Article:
News Americas, NEW YORK, NY, Mon. Dec. 4, 2023: The pace of discovery in the Guyana Stabroek Block has been astounding. There have been 32 major discoveries to date. There are currently 3 projects in production: Liza Phase 1, Liza Phase 2 and Payara. The current daily output is 620,000 barrels of oil. There are 2 additional projects approved for production: Yellowtail and Uaru. Plus, a third in the approval process, named Whiptail. With these 6 projects, there is an aim to produce 1.2 million barrels of oil a day by 2027.

The six projects that are either producing or will be producing soon have an estimated capital cost of US$55 billion. The government has commissioned 2 audits thus far: the 1999 to 2017 audit which was estimated to cover US$1.7 billion in claimed expenses; and the 2018 to 2020 audit that covered US$7.3 billion in claimed expenses. However, given there is a 2-year time-window to audit [Article 23 and Section 1.5 (a) in Annex C of the PSA 2016], it not clear what is the schedule to audit the remaining at least US$46 billion in expenses (US$55B – US$1.7B – US$7.3B).

To put US$55 billion in perspective, before oil production started at the end of 2019, Guyana’s annual national budget was US$2 billion/year. Thus, US$55 billion in expenses is more than what Guyana has spent in the last 27 years combined. Given the astronomical sums involved and the controversies surrounding the 1999 to 2017 audit, see here  and the 2018 to 2020 audit, see here, one would hope the government could be more transparent with these audits for the public’s benefit. However, both the 1999 to 2017 audit which was completed in 2021 and this most recent audit have not been made public by the government. This would naturally raise the question – ‘is the government protecting the oil companies for overbilling Guyana’? 

Now, let’s look at how the US$55 billion in capital cost is broken down across the 6 projects that are either producing or will soon be in production.  The table below shows some of the details of these projects. There is a break-even cost per project as stated by one of the Stabroek Block partners, i.e., HESS Corporation [in September 2023 before it announced the sale of its interests to Chevron]. One would assume the break-even cost per project would be closely correlated with the capital cost, given that it seems from various reports the operational costs may be US$10/barrel. However, Uaru which has the same break-even cost as Liza Phase 1 is more than 37% more expensive in capital cost. Payara is more than double the capital cost per barrel for Liza Phase 1 although the breakeven cost differences between the projects are not that much.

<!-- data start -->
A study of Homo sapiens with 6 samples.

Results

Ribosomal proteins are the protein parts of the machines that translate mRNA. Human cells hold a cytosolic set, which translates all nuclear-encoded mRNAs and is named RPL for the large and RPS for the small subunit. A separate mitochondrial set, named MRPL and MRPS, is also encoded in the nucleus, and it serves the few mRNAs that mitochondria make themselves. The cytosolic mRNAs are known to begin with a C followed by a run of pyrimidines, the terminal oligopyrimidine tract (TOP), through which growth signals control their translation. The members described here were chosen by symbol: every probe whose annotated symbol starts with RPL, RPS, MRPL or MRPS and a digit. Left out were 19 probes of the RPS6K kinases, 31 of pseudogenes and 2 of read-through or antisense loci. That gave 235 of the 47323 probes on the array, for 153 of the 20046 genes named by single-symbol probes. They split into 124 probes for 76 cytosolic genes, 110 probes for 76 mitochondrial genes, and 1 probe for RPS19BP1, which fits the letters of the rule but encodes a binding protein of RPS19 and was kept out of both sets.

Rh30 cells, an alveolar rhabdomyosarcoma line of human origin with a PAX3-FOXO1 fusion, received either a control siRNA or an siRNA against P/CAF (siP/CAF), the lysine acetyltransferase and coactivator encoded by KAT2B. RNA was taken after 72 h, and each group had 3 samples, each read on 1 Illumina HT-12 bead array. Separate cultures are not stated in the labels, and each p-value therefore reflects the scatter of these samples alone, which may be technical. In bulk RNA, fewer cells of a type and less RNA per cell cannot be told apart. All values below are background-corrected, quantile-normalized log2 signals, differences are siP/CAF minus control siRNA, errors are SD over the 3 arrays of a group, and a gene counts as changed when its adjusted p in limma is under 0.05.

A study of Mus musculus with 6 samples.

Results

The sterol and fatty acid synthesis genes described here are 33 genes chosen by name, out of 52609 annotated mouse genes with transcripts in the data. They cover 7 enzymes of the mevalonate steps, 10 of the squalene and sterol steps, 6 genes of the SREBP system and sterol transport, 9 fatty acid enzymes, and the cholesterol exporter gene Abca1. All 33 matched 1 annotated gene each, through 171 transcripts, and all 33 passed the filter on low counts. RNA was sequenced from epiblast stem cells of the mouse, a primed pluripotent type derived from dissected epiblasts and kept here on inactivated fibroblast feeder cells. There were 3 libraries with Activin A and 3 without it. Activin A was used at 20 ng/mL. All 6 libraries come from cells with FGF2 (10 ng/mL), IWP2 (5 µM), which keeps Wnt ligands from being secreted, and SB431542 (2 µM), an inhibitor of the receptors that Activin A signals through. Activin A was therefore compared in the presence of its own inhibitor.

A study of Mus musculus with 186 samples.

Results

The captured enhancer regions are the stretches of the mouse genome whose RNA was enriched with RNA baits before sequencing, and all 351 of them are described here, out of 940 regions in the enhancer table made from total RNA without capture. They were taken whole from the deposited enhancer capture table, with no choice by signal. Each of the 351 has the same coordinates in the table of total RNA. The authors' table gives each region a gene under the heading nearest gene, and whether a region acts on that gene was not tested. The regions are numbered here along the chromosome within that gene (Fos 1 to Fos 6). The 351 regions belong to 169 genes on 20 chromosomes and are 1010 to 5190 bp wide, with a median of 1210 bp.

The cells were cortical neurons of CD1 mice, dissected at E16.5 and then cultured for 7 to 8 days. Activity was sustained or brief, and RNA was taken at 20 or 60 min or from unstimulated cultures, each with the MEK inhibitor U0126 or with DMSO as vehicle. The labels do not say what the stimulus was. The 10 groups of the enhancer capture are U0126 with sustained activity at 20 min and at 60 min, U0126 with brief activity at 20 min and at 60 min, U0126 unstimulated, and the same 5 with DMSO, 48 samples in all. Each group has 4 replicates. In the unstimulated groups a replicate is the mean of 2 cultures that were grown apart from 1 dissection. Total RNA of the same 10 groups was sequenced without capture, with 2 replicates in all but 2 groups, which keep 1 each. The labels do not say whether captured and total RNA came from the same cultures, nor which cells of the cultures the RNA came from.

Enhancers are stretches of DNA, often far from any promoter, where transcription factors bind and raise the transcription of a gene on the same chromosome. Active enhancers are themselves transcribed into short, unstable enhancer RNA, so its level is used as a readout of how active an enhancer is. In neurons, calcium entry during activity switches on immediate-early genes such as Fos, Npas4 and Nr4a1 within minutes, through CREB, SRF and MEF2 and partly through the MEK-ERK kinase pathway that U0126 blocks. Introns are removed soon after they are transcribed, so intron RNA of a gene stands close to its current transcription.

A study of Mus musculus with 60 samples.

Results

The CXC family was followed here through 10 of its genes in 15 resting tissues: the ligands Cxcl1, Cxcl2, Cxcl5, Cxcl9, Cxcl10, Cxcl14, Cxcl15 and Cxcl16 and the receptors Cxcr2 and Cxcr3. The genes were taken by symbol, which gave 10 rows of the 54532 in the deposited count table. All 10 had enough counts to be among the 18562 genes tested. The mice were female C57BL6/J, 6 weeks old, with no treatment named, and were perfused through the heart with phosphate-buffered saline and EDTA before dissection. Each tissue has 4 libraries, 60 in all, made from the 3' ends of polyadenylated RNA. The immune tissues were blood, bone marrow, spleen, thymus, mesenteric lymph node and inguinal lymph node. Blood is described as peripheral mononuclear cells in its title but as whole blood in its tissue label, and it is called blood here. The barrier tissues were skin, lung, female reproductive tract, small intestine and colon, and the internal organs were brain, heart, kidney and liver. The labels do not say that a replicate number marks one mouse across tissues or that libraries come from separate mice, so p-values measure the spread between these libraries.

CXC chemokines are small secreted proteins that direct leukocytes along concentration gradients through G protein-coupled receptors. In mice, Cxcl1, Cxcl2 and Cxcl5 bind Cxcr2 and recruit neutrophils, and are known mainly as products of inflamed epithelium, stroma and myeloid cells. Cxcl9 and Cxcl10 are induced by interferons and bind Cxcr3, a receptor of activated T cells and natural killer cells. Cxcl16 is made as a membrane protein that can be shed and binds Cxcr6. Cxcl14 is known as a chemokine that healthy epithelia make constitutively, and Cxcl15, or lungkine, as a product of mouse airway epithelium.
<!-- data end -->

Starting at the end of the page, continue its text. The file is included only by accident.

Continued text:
Given the economies of scale and the lessons learnt along the way, one would expect that for newer projects the capital cost per barrel would trend downwards. For example, all but one of the six floating, production storage, and offloading (FPSO) vessels were commissioned from the same company, SBM Offshore, and four are identical in size, capacity and design. Hence, do the existing audit reports explain this anomaly or will the future US$46 billion plus to be audited tease out what may be going on here?

But the Government of Guyana does not have unlimited time to do audits, they have to be undertaken within 2 years of the expenses being booked.  In Annex ‘C’ Section 1.5 (C),  it says “Without prejudice to the finality of matters as described in sub-sections 1.5 (a) and 1.5 (b) all documents referred to in those sub-sections shall be maintained and made available for inspection by the Minister for two (2) years following their date of issue providing, however, that where issues are outstanding with respect to an audit, the Contractor shall maintain documents for a longer period until the issues are resolved.”

In 2018, Dr Jan Mangal and others, using the media, raised concerns about the US$4.4 billion in capital cost for Liza Phase 1. As a result that figure was slashed by US$700 million, see here. After all the revisions, Liza Phase 1 went down from US$4.4 billion in capital cost to US$3.5 billion. Thus, Liza Phase 1 was inflated by 25%. No reduction has happened with subsequent oil field development projects.

One has to wonder, given the anomalies in the above table, whether a forensic audit of the US$55 billion in capital cost might not uncover significantly inflated numbers. The government should request that Exxon provide more information to explain the discrepancies between the capital cost and break-even cost across the 6 projects. Finally, the Government of Guyana needs to demand more oversight in the process leading to the commissioning of new FPSOs.

EDITOR’S NOTE: Darshanand Khusial is one of the executives of Andre Brandli, Janette Bulkan, Kenrick Hunte, John Palmer, Joe Persaud and Charles Sugri also contributed to the story.